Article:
It’s rough going out there for special purpose acquisition companies (SPACs). Atop plummeting investor sentiment over SPACs themselves, regulators are starting to scrutinize the fad and look into cracking down. Circle is in even worse shape than other SPAC mergers, however. Specifically, the Circle SPAC has been complicated by an ongoing crypto winter as well as other bearish factors. Now, Circle and its partner are deciding to abandon the venture.
Circle is a force within the crypto market. The company creates, distributes and controls USD Coin (USDC-USD). USDC is the second-largest stablecoin in the world by market capitalization, trailing Tether (USDT-USD). As with other stablecoins, USDC is popularly used as a proxy to fiat for buying and selling other cryptos on DeFi exchanges. It is also popularly used in crypto loan services. In addition to offering these services, Circle has been popular for its full transparency regarding its reserves. The company’s attestation reports have pressured projects like Tether to use higher quality asset reserves.
Like its competitors, USDC has boomed massively alongside accelerated crypto adoption since 2020. This led to the company joining forces with Concord Acquisition (NYSE:CND) in July 2021. The agreement came just months after Coinbase’s (NASDAQ:COIN) initial public offering ( ) — a high point for investor sentiment toward cryptocurrency. The Circle-Concord partnership lined the company with $1.1 billion in capital and did well to elevate the project’s visibility outside of the crypto world.
Times have changed, though. Now, Circle is leashed to a lagging crypto market. Couple that with the downturn in attitude toward SPACs far and wide and the news that Circle is canning its go-public plan starts to make sense.
Circle SPAC Plans Dissolve Amid Crypto Winter
The Circle SPAC plan is a perfect snapshot of where investing was at in 2021. Cryptos were soaring in popularity, as were SPACs. At the time, it seemed like a match made in heaven — and enabled by the Federal Reserve’s lax policies. However, the deal marinated for too long; with crypto winter in full effect and SPACs falling in popularity, both parties are walking away.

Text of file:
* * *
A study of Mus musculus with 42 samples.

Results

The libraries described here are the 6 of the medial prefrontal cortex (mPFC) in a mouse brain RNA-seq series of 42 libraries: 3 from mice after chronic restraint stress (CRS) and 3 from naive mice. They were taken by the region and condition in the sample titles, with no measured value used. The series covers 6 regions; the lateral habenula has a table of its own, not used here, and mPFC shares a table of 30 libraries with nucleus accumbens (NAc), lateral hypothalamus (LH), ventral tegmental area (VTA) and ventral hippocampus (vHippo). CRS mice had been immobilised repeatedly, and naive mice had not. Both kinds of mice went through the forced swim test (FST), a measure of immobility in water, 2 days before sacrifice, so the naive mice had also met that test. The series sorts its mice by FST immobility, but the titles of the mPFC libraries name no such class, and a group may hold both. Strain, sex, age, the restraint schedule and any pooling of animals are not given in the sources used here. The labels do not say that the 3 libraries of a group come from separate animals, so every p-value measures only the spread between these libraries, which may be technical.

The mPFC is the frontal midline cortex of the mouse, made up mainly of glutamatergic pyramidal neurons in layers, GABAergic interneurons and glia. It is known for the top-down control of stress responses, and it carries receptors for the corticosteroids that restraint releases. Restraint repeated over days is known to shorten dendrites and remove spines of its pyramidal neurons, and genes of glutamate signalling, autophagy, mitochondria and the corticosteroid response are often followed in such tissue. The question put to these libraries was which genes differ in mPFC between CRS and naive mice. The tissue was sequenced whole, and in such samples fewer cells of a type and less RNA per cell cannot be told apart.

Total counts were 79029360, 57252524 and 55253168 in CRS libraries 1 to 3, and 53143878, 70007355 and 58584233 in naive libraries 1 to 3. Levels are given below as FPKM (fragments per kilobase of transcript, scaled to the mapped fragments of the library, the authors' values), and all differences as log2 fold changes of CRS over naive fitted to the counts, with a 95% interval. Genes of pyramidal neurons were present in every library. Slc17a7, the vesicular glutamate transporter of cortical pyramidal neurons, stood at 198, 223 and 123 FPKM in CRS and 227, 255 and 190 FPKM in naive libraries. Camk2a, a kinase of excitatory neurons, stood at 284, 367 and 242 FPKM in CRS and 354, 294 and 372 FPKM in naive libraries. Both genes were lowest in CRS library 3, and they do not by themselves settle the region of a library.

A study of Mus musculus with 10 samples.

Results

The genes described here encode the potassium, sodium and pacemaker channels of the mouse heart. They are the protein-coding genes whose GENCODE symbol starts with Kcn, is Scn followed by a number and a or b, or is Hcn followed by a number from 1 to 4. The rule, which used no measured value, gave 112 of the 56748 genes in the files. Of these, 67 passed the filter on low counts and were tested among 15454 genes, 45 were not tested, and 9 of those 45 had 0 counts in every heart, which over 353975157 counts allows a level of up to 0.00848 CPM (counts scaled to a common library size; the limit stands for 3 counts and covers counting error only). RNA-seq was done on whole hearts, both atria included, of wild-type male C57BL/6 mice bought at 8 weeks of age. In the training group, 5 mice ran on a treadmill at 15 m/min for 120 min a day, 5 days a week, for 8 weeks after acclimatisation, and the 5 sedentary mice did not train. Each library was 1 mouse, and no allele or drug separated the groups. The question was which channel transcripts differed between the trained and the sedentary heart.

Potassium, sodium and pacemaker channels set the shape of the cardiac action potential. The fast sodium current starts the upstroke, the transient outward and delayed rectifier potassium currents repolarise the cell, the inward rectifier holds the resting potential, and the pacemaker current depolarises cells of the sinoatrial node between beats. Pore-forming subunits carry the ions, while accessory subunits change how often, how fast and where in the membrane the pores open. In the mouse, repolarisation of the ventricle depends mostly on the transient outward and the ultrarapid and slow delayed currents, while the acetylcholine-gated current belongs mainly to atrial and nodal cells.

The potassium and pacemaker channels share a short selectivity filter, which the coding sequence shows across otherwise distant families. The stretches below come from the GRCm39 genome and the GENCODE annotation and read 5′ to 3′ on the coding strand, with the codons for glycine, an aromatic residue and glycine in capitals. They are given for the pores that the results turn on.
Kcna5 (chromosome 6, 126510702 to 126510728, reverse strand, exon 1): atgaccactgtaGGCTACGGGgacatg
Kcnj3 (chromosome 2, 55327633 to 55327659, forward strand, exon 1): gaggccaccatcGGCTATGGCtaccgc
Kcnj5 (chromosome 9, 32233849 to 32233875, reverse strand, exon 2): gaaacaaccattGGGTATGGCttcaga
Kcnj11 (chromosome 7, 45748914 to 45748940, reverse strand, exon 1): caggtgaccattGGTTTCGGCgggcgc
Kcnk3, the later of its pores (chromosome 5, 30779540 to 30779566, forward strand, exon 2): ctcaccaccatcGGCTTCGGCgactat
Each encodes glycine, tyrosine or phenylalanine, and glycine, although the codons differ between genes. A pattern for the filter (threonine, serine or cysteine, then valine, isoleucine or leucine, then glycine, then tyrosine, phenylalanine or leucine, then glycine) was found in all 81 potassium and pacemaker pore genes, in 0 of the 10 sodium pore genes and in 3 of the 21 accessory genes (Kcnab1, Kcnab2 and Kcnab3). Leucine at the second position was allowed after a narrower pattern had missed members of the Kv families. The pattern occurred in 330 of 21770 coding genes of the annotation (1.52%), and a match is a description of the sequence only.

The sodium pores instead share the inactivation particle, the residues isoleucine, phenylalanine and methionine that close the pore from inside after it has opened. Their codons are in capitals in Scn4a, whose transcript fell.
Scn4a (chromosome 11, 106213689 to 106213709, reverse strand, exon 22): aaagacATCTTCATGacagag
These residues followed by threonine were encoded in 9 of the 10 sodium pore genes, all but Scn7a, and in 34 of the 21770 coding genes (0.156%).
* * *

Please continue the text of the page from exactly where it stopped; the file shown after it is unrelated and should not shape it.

Circle and Concord Acquisition released a joint statement Monday morning confirming the termination of the plan. The deal, if it had gone through, would have valued Circle at $9 billion. While the news is certain to disappoint crypto fans and Circle investors alike, the company reiterates that becoming a public company is a central priority to its mission.
It’s unsurprising to see this news, especially given the shape of the market. Crypto has been facing a steep decline in the wake of the Fed’s rising rates and inflation killing off much of the speculative investing that allowed it to thrive last year. FTX’s collapse in November is keeping this bearish sentiment going as well, ruining investor trust in centralized crypto companies and products.
Moreover, SPACs have also had a rough time over the past year. While crypto is hampered by the Fed, so too are SPAC mergers. This method of taking a company public once thrived for the same reasons the crypto market did.
As such, Fed policies have also rocked SPACs. Investors now have little trust in the success of these speculative investments, especially as even the largest companies on Wall Street struggle to remain profitable. Moreover, investigations have suggested several regulatory issues with SPACs which lawmakers are pushing to sew up. This scrutiny is scaring off institutions from supporting these mergers as well.
On the date of publication, Brenden Rearick did not hold (either directly or indirectly) any positions in the securities mentioned in this article. The opinions expressed in this article are those of the writer, subject to the InvestorPlace.com Publishing Guidelines.